The core issue raised by the Deputy’s correspondent relates to my Department’s activation services and the Personal Progression Plan. The Deputy will be aware the primary goal of my Department’s activation and employment services is to move people from full or part time unemployment to full-time, sustainable employment. The Social Welfare (Consolidated) Act 2005, as amended, specifies that participation in activation meetings is mandatory and this obligation applies irrespective of whether the service is provided by my Department’s own case officers or those advisors employed by external contractors such as the Local Employment Services or the JobPath Service.
Participants with the JobPath service are not required to sign a contract with the JobPath companies but they are, in the same manner as all customers referred to any of the other Department’s activation services, requested to agree and sign a personal progression plan (PPP). The PPP is a joint agreement between the customer and their personal advisor and is an integral part of the activation process. The PPP includes an agreed schedule of job-focused activities, actions and targets, personalised to take account of the person’s specific qualifications and employment preferences. The contents of the PPP may change during the person’s engagement with the service as they develop new skills or experience which may broaden their employment preferences.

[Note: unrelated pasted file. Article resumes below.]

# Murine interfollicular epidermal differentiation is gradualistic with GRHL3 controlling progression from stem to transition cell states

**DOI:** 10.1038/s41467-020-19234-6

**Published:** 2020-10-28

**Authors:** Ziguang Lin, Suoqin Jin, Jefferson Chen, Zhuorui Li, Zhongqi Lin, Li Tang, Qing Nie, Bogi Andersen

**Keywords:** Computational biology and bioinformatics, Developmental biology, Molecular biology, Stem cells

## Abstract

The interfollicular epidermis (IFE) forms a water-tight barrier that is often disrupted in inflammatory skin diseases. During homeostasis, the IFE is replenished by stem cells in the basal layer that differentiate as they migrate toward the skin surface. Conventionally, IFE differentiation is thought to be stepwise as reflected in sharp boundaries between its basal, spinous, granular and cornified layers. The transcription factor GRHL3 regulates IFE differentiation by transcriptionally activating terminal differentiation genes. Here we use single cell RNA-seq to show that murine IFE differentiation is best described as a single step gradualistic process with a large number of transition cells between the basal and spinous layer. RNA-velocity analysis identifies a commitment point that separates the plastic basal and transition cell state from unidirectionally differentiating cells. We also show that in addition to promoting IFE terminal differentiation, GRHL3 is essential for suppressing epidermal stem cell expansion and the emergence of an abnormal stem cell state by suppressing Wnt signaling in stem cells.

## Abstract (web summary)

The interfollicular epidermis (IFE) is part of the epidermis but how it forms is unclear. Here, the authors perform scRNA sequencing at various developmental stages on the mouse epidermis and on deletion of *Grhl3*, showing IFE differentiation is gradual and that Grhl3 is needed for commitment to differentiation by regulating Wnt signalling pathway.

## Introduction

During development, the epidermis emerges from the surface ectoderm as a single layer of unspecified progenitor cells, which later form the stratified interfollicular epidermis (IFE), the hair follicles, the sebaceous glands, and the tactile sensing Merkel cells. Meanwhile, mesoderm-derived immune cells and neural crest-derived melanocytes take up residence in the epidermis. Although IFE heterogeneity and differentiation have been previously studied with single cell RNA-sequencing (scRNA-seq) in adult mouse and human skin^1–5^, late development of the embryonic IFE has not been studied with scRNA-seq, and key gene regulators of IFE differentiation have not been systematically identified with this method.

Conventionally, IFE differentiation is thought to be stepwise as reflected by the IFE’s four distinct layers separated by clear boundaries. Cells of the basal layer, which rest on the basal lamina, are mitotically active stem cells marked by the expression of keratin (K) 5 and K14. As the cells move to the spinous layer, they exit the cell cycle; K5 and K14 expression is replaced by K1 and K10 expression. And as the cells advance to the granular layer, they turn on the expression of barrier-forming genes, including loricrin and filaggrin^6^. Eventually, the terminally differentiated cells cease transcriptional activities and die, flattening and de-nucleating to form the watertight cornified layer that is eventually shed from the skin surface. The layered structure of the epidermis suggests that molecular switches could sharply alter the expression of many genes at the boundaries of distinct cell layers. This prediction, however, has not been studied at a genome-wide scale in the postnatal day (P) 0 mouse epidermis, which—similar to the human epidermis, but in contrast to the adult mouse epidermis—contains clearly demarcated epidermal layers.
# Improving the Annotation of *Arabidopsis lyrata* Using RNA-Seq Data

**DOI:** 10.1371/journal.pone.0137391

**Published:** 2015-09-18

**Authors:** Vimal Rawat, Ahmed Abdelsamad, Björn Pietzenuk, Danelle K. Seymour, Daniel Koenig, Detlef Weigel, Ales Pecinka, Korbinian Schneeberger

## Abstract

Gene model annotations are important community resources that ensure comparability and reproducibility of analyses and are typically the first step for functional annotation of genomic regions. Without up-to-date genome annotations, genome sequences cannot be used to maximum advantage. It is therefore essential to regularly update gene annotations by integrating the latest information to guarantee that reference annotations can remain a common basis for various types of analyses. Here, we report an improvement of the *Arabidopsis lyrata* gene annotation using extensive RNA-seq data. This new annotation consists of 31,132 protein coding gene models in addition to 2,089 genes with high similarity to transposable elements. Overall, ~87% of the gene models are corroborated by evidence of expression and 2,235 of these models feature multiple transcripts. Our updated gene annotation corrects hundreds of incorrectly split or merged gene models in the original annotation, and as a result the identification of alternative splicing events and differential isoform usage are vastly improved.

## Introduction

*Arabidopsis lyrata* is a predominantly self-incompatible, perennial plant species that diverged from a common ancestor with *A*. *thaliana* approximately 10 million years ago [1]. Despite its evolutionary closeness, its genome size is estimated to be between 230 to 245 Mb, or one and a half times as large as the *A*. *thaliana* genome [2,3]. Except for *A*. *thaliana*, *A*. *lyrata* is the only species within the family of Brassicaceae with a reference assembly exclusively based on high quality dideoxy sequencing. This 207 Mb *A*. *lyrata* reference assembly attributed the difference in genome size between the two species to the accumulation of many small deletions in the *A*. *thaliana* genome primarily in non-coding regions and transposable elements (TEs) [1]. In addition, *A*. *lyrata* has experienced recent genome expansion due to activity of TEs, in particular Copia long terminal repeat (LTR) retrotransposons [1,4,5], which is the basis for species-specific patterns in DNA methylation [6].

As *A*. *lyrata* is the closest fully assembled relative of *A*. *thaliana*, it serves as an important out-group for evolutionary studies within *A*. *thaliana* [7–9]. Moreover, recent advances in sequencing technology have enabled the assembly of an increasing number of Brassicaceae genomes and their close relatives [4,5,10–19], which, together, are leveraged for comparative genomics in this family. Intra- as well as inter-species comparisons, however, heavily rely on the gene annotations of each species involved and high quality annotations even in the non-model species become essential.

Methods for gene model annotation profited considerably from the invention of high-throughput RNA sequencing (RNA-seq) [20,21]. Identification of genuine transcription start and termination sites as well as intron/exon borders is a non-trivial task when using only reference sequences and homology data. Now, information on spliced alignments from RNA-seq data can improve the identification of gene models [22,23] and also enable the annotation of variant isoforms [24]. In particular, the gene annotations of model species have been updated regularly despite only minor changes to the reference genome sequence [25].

Failure to engage with the activation service as required may result in the jobseeker’s payment being reduced or temporarily suspended, .the process for sanctioning clients who do not engage with the JobPath activation process is exactly the same as the process for clients who fail to engage with the Department’s other activation services provided by Intreo Centres, Local Employment Services and Job Clubs.
It is important to say that all decisions regarding a person’s welfare entitlements while on JobPath are taken only by officials of my Department and not by the JobPath providers and my Department will investigate any specific complaint raised by a participant with the service.
My department, in January of this year, published a cohort performance report (available on welfare.ie) for the service, which showed that of the jobseekers who commenced with the service (in the four cohorts between July 2015 and June 2016) that 25% had obtained employment:18% full-time, 4% part–time and 3% self-employed.
The overall response of participants with JobPath to date has also been very positive. My Department published the results of an independent customer satisfaction survey which indicated that between 76% and 81% of customers were satisfied with the service provided and between 5% and 8% expressed dissatisfaction.
I trust this clarifies matters for the Deputy.